Did you know that each part of your digestive tract has a different function? From one’s mouth to the stomach, the lining in each area is different according to its needs and to make sure your body is protected during the digestion process. Should anything go wrong, the acid produced may damage the lining of the digestive tract in the stomach. This is called a gastric ulcer.
Some ulcers may go unnoticed, but others may create a hole in the stomach wall, so it is important to know a few things about them:
Bacteria have been found to be the culprit!
Helicobacter pylori bacteria is completely normal and is usually harmless. It is found in two-thirds of the world’s population and is spread through ingested infected food and water. Unfortunately, sometimes, it does attack the lining of the stomach where acid can now enter and create a painful sore.
Ulcers are usually found in your stomach
Gastric ulcers, which are only found in the stomach, are the most common form of peptic ulcer (a sore that develops on the inside of the digestive tract). Thanks to the digestive needs of the stomach, it is a far more acidic environment than the rest of the intestinal tract, which is usually alkaline to neutral, creating the perfect conditions for H. pylori to live.
Ulcers affect more people than you think
Ulcers along the gastrointestinal tract are so common that millions of people worldwide are affected every year, and they have become one of the most common medical conditions suffered by many people in Africa.
Partying doesn’t help
It is well studied that the side-effects of smoking and drinking are vast and increase your risk of many medical conditions, including gastric ulcers. People who have already been infected with H. pylori are more susceptible to ulcers because of the damaged caused by the inhaled smoke or alcohol to the lining of the stomach. So, now’s the time for a healthy detox!
Don’t over-do the medication
Taking large amounts of nonsteroidal anti-inflammatory drugs will increase your chances of getting ulcers. These drugs may assist in the short term by assisting pain relief, but they also set back the production of substances which protect the lining of your stomach. So think twice if you really need to take them, and preferably do so with food.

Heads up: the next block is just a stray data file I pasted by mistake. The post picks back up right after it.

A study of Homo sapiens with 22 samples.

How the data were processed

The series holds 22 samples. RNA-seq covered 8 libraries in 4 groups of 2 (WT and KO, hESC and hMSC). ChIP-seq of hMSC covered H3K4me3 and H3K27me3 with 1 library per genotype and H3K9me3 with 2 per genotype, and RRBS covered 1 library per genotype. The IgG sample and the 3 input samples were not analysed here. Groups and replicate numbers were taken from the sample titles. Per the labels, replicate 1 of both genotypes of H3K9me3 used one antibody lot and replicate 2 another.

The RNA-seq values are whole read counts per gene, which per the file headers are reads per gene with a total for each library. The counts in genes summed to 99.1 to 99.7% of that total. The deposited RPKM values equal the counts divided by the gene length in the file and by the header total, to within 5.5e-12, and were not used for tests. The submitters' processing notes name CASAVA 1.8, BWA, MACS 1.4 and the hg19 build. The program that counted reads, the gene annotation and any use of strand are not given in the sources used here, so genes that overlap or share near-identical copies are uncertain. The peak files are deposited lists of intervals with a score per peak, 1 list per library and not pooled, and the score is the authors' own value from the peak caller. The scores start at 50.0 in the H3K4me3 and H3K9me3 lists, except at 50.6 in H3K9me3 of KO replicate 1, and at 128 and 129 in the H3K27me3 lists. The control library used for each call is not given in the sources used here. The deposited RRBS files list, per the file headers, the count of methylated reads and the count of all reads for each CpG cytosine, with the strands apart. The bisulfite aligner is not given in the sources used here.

Psychological stress upsets your body too
It was considered the first root cause of ulcers in the early 1900s until H. pylori was discovered in 1982, but stress is still considered one of the biggest contributors to this condition. As the human body is so closely intertwined, psychological stress can take a serious toll on your body – and that includes your ulcers. Stress can both cause or aggravate them, so try and remember to take it easy should you be going through a trying period.
Your childhood has a large role to play
Children touch almost everything they can lay their hands on, making it easy for them to contract infections. Insufficient hygiene or access to clean water also increases H. pylori infections. The bacteria will sit quietly for a while, many years even, but over time they will multiply and cause gastric ulcers in a significant portion of the adult population.
Do not fear, there are many ways to treat an ulcer; from antacids to antibiotics. If treated correctly and on time, there may be no need for surgical intervention – which is both a costly and unpleasant option.
What Causes Ulcers? Everyday Health. Retrieved from https://www.everydayhealth.com/digestive-health/experts-what-causes-ulcers.aspx (Accessed 9th October 2018).
Nordqvist, C. What’s to know about peptic ulcers? Retrieved from https://www.medicalnewstoday.com/articles/9273.php (Accessed 9th October 2018).
Understanding Ulcers. WebMD. Retrieved from https://www.webmd.com/digestive-disorders/understanding-ulcers-basic-information. (Accessed 9th October 2018).
Definition & Facts for Peptic Ulcers (Stomach Ulcers). NIDDK. Retrieved from https://www.niddk.nih.gov/health-information/digestive-diseases/peptic-ulcers-stomach-ulcers/definition-facts (Accessed 9th October 2018).